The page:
Journal of a tour in the Levant, Volum 3 (E-bok fra Google)

Side 372 - ... the unfortunate offspring of their fellow creatures. These men may truly be said * to strain at a gnat and swallow a camel.' There is no accounting (as Mr. Bryant observes) for the infatuation of nations, and the inconsistency of their practices. .The Phenicians, who were so liberal of man's blood, would not hurt a cow ; and the Carthaginians held it worse than sacrilege to maim an ape. No certain information was procured by Major Walker as to the number of female infants annually destroyed among...
Side 498 - ... which enters a hole made for it in the door-post, and is there fastened by small bolts of iron wire, which fall from above into little orifices made for them in the top of the lock. The key is a long piece of wood, having at the end small pieces of iron wire of different lengths, irregularly fixed in, corresponding in number and direction with the bolts which fall into the lock : these it lifts upon being introduced into the lock, which it then pulls back. The bolts of wire differ in number from...
Side 84 - ... of seats remaining, but covered with soil, or enveloped in bushes. On the left wing is an inscription in very large and well-formed characters, ranging in a long line, and recording certain donations to Bacchus and the people. Beneath, near the bottom, are several stones inscribed, but not legible. By the isthmus is the vaulted substruction of a considerable edifice ; and on a jamb of the doorway are decrees engraved in a fair character, but damaged, and black with smoke ; the entrance, which...
Side 401 - C'est leur félicité que Dieu ait permis qu'il y ait dans le monde des Turcs et des Espagnols , les hommes du monde les plus propres à posséder inutilement un grand empire.
Side 225 - Strabo has taught us to expect the most important discoveries. 1st. In a commanding situation, immediately above the Grecian camp, two miles and a half from the embouchure of the Scamander, and one mile and a half in a direct line from the sea, stood the city of New Ilium, which Lysimachus fortified, and which afterwards became a Roman colony. But, 2dly, forty stadia, or five miles eastward of New Ilium, was a remarkable hill, which even in the days of Strabo retained its Homeric appellation of Callicolone,...
Side 192 - It is curious to observe the gradual disuse of Greek among the Greeks, produced by the change of their residence. In Greece the Turks speak only Greek ; in Constantinople the Greeks speak both Greek and Turkish, but only the former to each other ; in Asia Minor, along the coast, they can speak Greek when addressed in it, but talk Turkish to each other. And in the interior parts of Asia Minor, they know no other language than Turkish.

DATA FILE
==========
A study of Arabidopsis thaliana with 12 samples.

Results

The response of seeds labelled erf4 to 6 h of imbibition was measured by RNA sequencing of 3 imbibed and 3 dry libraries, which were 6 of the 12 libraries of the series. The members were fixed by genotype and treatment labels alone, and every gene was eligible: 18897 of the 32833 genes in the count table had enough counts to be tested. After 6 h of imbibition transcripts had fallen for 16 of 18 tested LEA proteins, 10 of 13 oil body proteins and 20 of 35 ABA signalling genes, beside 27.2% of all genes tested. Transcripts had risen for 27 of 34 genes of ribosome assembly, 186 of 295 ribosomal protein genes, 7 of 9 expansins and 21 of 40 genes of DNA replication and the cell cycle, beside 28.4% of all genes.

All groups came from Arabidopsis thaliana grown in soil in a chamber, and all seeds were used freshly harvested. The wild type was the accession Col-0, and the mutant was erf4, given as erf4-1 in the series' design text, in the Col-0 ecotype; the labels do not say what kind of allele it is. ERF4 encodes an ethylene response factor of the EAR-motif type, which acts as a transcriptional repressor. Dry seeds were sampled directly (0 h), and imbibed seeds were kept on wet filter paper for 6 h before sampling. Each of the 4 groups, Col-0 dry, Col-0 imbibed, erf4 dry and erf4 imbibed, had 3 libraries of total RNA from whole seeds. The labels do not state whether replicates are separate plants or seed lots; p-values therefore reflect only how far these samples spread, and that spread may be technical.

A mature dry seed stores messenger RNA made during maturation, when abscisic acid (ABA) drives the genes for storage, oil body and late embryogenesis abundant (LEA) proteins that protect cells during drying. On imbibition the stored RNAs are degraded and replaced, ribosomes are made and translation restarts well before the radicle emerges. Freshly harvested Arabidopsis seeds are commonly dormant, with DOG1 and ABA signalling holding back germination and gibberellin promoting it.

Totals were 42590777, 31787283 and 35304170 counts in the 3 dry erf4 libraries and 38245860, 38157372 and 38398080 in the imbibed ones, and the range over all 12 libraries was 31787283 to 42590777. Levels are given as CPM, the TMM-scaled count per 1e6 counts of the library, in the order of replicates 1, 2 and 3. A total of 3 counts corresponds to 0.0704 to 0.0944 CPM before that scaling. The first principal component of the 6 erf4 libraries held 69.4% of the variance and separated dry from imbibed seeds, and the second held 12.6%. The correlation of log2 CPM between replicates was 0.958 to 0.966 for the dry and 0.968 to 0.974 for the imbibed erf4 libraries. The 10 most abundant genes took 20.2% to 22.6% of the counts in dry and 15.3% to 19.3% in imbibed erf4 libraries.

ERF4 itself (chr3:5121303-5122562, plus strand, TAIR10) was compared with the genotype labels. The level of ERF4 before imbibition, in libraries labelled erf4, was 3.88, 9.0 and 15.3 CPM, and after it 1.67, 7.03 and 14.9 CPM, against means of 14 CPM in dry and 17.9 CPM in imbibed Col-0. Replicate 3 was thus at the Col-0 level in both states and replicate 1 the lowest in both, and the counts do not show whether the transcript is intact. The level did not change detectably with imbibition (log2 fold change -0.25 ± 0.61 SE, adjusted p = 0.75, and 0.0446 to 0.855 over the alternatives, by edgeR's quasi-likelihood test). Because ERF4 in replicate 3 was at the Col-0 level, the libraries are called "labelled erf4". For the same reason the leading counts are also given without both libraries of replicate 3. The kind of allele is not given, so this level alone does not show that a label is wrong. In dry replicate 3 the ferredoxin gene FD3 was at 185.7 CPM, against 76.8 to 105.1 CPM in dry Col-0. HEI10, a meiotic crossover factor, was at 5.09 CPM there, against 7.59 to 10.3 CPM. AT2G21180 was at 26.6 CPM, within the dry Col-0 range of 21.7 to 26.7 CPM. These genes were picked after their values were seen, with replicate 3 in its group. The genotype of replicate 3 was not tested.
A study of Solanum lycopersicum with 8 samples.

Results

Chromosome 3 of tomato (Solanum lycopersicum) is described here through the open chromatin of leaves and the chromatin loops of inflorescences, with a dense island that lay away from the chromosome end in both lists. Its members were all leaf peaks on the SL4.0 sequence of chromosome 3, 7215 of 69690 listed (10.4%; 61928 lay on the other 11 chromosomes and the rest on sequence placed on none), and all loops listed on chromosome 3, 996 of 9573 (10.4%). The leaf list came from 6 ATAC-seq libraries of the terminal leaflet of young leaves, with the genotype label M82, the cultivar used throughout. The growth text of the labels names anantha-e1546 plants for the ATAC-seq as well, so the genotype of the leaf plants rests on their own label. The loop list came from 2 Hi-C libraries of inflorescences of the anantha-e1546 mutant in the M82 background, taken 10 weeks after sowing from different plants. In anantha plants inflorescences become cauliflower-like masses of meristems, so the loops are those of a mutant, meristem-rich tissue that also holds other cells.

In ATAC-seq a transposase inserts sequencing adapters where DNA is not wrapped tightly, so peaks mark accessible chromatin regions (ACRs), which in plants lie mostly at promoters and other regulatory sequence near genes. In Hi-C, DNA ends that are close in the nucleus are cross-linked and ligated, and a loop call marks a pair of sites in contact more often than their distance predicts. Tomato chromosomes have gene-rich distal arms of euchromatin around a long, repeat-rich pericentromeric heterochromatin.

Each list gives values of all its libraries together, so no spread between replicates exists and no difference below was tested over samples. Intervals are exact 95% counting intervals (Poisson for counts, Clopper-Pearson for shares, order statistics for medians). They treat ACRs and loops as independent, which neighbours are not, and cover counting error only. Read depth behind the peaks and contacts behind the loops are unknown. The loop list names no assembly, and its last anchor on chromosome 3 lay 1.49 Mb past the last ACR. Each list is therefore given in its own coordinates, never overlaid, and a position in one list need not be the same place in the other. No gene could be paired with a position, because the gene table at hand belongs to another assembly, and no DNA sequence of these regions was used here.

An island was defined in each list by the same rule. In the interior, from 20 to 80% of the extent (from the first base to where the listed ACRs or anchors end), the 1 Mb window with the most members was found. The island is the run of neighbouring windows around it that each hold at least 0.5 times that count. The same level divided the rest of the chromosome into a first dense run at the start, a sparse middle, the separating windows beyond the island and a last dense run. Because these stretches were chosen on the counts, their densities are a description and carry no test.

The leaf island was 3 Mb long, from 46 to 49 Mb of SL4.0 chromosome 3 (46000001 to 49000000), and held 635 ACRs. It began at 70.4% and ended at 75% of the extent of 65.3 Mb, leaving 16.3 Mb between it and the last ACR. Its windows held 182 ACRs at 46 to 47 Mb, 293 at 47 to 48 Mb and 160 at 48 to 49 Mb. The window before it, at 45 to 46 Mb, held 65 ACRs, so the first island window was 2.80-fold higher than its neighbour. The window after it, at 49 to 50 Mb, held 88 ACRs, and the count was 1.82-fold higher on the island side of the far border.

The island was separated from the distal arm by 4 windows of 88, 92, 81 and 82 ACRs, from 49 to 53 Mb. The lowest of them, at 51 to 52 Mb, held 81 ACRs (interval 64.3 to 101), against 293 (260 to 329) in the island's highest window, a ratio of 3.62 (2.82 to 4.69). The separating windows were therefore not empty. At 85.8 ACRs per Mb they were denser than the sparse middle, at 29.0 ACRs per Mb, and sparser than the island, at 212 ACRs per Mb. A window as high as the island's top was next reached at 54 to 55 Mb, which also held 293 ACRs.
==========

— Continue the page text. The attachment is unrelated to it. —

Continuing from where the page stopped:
Side 105 - ... famous and long-dreaded pirate was settled in them, and a calm he said was just the weather to fear in. As we approached Samos however he became more cheery, and at seven o'clock we anchored in a large bay at the SE extremity of the island. Friday, January 5th. — This bay, we saw at daylight, was sheltered on the north by high mountains, on the east by a projecting cape, on the west by an extensive plain, and on the south imperfectly by the ruins of a mole. This was not the only sign of its...
Side 225 - And it was between these two points, ten stadia from the Callicolone, and thirty from New Ilium, that the village stood which was supposed to mark the site of the ancient capital of Priam. The ruins which Dr. Clarke discovered at Palaio Callifat, he has undoubtedly good reason for calling those of New Ilium. By his map, indeed, they are too far removed both from the sea and the embouchure of the Mender, — and if they are, as he asserts, only three miles and three quarters from the...
Side 100 - ... the island, sheltered by high mountains on every side but one, where it is protected by a projecting cape. The island produces almost nothing, being furnished from abroad with nearly every article of subsistence. The town is situated upon a high rocky mountain, rising immediately from the sea. It contains about four hundred houses, which, with fifty more at the Scala, form all the habitations in the island.